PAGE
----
Last Updated: Mar 31st, 2014 - 14:20:42


Prince George changes city addresses to county name
By Sarah Steele Wilson
Oct 24, 2012, 15:34

Starting in February, Prince George County residents living in the 23860 and 23805 zip codes will be changing the place names on their addresses.

On Tuesday, the Prince George County Board of supervisors voted to approve a plan to change the addresses of businesses and residences in those areas, which currently read Hopewell and Petersburg, to Prince George.

Other counties in the region, including Dinwiddie and Chesterfield, have already adopted similar policies.

The county will notify affected residences and businesses by mail after January first. The tentative implementation date for the name change in Feb. 15.

According to the county, there are two main issues driving the name change: residents and members of the business community have expressed concern that the county’s identity is frequently confused with its neighboring cities and that county residents, especially recent arrivals to the area, experience confusion about where to pay their taxes, register their cars and deal with other essential, local business.

According to the supervisors, county residents are in favor of the idea.

“I have gotten no criticisms, no complaints,” said Supervisor Bill Gandel. “That’s unusual.”

The board also considered the master plan for the Buren property, which the board purchased earlier this year despite outcry from county citizens over the $1.5 million price tag.

The county purchased the land because it is adjacent to existing county buildings and has access to utilities, making it an attractive site for future expansion.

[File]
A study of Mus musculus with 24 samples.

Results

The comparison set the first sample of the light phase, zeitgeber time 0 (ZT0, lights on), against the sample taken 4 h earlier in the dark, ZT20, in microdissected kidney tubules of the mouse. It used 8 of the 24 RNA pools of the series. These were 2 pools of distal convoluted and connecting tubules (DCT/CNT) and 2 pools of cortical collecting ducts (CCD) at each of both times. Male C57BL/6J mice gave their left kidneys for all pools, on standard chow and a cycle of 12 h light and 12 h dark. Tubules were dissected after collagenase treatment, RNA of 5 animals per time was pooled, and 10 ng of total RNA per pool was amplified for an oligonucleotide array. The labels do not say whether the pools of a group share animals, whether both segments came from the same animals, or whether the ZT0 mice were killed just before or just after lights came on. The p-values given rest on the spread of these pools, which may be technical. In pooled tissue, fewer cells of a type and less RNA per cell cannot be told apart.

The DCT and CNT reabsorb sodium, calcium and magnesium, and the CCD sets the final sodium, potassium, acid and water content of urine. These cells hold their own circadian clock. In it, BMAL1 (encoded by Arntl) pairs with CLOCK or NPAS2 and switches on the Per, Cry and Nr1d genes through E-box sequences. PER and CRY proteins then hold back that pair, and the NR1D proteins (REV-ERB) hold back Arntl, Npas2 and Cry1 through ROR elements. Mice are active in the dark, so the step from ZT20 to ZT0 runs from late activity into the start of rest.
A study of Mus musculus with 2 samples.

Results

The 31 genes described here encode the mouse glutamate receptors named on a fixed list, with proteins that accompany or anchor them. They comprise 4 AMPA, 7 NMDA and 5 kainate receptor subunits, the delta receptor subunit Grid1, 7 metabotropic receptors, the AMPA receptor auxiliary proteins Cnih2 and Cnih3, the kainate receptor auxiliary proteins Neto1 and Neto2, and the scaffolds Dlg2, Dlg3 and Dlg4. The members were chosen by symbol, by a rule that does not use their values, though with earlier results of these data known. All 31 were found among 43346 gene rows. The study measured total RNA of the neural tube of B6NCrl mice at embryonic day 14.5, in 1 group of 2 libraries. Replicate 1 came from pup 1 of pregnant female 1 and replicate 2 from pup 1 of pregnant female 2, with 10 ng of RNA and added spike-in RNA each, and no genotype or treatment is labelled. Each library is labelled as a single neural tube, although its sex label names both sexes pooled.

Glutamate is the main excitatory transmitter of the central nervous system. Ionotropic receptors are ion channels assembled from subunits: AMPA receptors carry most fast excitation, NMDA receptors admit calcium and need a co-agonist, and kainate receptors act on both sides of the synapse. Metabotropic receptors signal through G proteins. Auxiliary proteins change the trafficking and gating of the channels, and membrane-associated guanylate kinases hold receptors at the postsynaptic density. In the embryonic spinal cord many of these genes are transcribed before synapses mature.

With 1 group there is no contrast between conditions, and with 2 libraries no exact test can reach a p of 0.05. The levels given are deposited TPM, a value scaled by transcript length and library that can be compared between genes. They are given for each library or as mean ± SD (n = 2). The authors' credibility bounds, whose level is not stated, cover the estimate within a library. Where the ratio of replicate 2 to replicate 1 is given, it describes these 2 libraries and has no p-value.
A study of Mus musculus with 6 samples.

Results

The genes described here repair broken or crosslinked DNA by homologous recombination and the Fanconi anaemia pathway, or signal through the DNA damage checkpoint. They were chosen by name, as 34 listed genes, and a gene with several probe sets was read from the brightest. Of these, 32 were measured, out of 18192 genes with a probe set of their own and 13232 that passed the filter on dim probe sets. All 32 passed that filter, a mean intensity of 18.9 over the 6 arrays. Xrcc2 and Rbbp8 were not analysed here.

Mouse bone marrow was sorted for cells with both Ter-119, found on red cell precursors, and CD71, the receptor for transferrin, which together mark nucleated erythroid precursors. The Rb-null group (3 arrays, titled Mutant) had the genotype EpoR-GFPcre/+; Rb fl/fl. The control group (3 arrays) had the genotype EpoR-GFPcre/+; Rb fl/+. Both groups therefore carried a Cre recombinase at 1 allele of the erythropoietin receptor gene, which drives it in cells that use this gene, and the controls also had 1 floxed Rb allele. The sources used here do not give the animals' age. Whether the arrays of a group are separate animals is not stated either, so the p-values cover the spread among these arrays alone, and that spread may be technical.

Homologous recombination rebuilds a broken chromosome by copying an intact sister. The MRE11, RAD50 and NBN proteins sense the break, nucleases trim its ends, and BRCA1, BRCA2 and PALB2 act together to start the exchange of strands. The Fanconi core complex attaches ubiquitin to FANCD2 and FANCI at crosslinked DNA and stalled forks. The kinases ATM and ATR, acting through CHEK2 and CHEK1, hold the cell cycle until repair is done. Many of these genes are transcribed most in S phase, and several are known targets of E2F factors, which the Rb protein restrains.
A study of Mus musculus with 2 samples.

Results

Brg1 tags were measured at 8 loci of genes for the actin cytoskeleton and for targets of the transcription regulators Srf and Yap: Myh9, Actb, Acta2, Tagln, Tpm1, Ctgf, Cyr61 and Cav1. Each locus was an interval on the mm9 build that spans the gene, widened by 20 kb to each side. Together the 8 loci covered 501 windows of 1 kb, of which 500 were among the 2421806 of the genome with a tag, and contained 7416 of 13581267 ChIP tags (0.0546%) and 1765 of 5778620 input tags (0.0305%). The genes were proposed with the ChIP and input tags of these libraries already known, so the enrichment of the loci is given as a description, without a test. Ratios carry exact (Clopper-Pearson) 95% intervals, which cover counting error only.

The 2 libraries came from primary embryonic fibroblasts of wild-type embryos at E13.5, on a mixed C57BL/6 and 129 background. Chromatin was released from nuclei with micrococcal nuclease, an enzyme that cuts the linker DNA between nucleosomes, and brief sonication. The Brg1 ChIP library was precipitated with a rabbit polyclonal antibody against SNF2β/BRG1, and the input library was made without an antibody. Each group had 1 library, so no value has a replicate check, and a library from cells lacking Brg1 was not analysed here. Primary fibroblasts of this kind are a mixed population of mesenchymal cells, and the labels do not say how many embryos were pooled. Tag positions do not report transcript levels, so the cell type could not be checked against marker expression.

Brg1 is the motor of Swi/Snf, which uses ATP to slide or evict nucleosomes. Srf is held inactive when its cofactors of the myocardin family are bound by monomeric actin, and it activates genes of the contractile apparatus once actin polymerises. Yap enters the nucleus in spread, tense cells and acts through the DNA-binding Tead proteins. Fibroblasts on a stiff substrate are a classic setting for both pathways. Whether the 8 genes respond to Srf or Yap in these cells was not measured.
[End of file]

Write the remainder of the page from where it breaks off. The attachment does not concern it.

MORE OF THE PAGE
A request for proposals for the development and design on a master plan was issued, eliciting nine responses that were reviewed by an evaluation committee.

On Tuesday, staff recommended Charlottesville based firm LPDA, based on the company’s prior experience working on projects matching the county’s vision for the property.

Julie Walton, Director of Community Development and Code Compliance, said that the committee decided on a list of things that were important to them in selecting a firm: a willingness to have three public meetings and two presentations before the board of supervisors, a willingness to set up a work group for the projects and a willingness to set up a facebook page or website to collect community opinion.

The board voted to grant county administrator Percy C. Ashcraft authority to work out a contract with LPDA, with supervisors Gandel and William Robertson voting against it.